Day 405 @ ITP: Code of Music

Assignment: Parallel Harmony

For this assignment I decided to keep working on my interface from last week’s synthesis assignment, I am familiarizing myself with Tone.js and am excited about the possibilities, but still getting the hang of it, so not building an entirely new interface is helpful to just experiment with the sounds more

For this week I added some new buttons with new melodies and tones to add on top of each other, and played with the Tone.MembraneSynth to add some percussive sounds as well as with changing the timings of the notes and rests between notes, though it still sounds a bit of a mess to my ears. My next goal would be to come up with more of a composition.

Here is the sketch:

[Note: when I first tried to take a screen recording the sketch suddenly started to sound like garbage. I finally realized it was because I was trying to use a program to record the audio separately and it was getting confused by the sketch also trying to take the audio input from the computer’s mic. So I ended up just using the computer’s built in mic to record the audio, and that worked.]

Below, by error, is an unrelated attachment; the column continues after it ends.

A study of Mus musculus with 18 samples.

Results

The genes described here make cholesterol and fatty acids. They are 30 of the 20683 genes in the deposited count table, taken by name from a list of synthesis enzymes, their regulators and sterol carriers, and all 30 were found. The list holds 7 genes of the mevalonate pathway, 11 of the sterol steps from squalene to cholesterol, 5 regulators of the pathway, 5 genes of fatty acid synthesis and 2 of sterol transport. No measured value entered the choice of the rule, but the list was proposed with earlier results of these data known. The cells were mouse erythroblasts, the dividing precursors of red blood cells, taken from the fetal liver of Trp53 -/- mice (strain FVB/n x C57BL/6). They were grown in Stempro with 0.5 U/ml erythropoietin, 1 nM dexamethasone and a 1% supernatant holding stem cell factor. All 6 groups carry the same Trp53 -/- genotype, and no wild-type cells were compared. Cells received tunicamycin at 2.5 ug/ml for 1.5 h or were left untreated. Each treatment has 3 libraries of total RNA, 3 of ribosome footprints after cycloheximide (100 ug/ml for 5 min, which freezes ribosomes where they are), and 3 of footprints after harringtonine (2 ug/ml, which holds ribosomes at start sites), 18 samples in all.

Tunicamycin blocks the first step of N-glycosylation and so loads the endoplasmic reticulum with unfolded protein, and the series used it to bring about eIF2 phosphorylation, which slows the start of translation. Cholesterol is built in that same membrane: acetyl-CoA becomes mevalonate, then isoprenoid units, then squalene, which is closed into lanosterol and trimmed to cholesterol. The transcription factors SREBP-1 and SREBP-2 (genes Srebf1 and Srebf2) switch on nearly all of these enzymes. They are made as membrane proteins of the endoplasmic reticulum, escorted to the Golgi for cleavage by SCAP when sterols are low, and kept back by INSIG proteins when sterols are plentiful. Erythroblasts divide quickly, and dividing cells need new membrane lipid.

The interface I realized is loosely inspired by the Buchla easel, and I’d like to model it a bit more after the way the easel looks (without the patch cables, etc but with sliders and knobs/buttons to create effects) and also with creating similar kind of robotic and playful rhythms and melodies, but maybe a bit more ambient/evolving than the slightly jerky sounds in the video below:


I also enjoyed doing the Ableton making music tutorial and the Catalog piece on parsing out elements of music you like. I’ve always felt limited by pre-built synthesizers and it is very fun to try to imagine creating something that does exactly what you want it to do. Feeling the free to borrow elements from synthesizers that already exist to create interfaces with is also helpful.